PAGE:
13th Festival of Tolerance – JFF Zagreb: Masterclass of Tolerance
Duration and venue:
ZAGREB, 7 – 13 April 2019, Cinema Europa –Müller Hall
Croatia's cinematography is in a continuous ascent, and year-over-year it has seen great results on the global festival scene. Great experiences and results of our filmmakers still remain invisible in Croatia due to numerous reasons, the key being low media interest. It is the lack of expert but accessible and attractive media content on Croatian film and film directors that is behind the problem of the low visibility of Croatian film on the domestic cultural scene. It remains completely invisible to the wider Croatian public how Croatian films are inspired, conceived, planned, created and promoted.
The problem of archiving every step of the creative process in the conception and creation o fan artwork is an issue faced by the entire art world, and not just the world of film. Authorial self-demystification, deconstruction and analysis have become important, just as the artwork itself.
It is precisely due to these reasons, and inspired by the MasterClass.com project, that we will screen as part of the 13th Festival of Tolerance two Croatian films, after which the directors of the films will hold an expert lecture on all the stages of their creative process. The lectures will be directed, recorded and edited so they can be available to all those interested even after they are held. The lectures are planned to last 45 minutes and their scope is intended to include the director’s work from the initial idea to the festival and cinema distribution of the film. The added value of the project lies in the fact that it leaves behind a high-production-value and directed recording of the lectures, which will remain, free-of-charge, for all those interested in seeing it, primarily future Croatian and international film directors, critics, film scholars and film historians.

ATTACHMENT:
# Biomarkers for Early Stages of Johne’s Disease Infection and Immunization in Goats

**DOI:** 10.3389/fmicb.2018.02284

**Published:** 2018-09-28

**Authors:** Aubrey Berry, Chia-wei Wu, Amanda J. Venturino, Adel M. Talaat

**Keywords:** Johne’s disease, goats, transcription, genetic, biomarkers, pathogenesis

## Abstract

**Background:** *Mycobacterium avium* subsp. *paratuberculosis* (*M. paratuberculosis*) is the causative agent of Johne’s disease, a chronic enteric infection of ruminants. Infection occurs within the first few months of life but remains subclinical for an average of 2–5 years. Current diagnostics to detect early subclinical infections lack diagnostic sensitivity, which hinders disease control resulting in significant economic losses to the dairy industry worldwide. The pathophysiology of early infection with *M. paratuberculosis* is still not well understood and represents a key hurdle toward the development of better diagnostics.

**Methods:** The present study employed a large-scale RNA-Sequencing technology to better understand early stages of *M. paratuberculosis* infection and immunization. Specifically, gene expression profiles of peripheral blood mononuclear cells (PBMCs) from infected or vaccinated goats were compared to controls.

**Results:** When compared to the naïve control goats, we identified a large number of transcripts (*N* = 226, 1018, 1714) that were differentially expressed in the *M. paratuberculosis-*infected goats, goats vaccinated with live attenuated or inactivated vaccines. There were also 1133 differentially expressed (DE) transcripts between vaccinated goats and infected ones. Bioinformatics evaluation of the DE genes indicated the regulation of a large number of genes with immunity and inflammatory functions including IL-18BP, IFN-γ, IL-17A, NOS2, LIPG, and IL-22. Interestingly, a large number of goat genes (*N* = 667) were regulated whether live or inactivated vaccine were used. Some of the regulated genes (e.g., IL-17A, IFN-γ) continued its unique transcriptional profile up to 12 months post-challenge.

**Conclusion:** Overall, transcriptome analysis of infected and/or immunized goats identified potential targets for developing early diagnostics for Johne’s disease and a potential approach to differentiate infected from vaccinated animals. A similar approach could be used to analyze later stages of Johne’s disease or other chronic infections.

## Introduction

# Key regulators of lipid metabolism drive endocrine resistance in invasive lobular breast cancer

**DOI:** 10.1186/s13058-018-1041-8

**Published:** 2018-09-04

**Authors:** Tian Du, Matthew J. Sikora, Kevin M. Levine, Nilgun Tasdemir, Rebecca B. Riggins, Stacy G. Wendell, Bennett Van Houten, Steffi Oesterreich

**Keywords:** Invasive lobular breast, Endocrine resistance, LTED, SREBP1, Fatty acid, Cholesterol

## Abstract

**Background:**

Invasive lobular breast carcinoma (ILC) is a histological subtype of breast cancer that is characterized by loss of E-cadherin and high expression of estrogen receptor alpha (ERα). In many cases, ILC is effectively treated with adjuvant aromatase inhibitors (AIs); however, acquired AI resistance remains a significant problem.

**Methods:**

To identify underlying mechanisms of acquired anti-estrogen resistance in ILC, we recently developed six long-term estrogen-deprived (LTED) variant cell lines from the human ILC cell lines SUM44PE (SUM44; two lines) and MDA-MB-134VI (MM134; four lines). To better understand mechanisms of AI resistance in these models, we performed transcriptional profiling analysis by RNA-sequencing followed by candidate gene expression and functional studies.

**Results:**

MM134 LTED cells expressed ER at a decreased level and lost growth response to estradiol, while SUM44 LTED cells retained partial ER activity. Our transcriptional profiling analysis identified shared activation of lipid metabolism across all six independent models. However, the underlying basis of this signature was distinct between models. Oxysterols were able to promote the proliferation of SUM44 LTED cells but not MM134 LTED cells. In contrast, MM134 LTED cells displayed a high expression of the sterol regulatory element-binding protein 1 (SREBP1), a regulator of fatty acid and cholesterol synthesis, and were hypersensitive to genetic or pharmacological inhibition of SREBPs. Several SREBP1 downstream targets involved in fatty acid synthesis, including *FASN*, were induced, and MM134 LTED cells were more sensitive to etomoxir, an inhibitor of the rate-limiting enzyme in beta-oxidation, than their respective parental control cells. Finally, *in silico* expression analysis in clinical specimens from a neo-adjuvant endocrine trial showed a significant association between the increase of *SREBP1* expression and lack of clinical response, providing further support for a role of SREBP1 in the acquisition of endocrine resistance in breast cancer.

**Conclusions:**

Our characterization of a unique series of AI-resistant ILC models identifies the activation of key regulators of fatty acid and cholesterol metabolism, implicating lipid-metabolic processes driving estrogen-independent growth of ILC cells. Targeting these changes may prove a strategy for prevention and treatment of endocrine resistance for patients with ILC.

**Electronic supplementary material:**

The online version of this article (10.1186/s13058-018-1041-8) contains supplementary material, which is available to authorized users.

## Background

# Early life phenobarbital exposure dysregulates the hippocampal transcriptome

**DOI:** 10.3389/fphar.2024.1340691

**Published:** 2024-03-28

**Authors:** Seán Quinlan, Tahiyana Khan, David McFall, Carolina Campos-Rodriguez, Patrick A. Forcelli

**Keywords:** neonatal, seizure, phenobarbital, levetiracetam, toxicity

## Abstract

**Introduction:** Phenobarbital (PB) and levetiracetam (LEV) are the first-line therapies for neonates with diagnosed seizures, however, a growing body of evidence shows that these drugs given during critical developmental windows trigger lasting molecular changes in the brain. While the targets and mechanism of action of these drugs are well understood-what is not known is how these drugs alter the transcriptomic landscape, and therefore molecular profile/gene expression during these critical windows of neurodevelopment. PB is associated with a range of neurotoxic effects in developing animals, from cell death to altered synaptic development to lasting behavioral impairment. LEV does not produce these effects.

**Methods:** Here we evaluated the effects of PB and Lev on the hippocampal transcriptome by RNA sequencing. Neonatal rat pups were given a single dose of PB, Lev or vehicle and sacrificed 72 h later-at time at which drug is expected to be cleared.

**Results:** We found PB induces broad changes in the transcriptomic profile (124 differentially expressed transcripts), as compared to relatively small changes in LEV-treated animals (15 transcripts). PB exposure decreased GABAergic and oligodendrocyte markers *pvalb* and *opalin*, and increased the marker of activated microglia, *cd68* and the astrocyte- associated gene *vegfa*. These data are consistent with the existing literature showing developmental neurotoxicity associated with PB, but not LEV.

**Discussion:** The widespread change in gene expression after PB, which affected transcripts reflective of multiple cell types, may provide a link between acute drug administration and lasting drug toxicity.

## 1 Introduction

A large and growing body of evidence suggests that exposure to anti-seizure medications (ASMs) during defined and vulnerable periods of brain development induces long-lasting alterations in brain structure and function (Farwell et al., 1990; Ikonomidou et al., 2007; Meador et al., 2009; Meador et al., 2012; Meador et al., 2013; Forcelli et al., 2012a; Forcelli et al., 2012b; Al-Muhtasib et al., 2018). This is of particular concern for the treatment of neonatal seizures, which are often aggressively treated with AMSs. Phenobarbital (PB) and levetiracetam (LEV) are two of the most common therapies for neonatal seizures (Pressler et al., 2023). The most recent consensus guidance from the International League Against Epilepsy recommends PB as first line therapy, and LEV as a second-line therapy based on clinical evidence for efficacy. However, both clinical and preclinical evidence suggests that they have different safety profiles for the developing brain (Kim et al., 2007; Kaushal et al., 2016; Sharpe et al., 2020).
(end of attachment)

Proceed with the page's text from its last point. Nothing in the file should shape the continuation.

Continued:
In the winter of 1991, Aleksandra Zec, a girl of Serbian ethnicity was murdered in Zagreb. Though it was known who murdered her, they were never punished for their crime. 25 years later, the theater director Oliver Frljić is making a theatre play about the case in Rijeka. Hidden traumas are surfacing and the rehearsals for the play are becoming a sort of collective psychotherapy.
When Slavko's old friend Djulaga dies, Slavko feels obliged to go to the funeral. But in his hometown of Mostar, this simple social obligation has the potential to get him into all kinds of trouble: with his neighbors or even with local political bigwigs. This is a compelling tale of everyday life in a fractured society, and a world where paranoia, comedy and drama co-exist. It is also an astute psychological portrait of a man who is forced to cross the invisible line that divides two communities. Above all, it is the story of a man who lost everything that defined him, when his country disintegrated.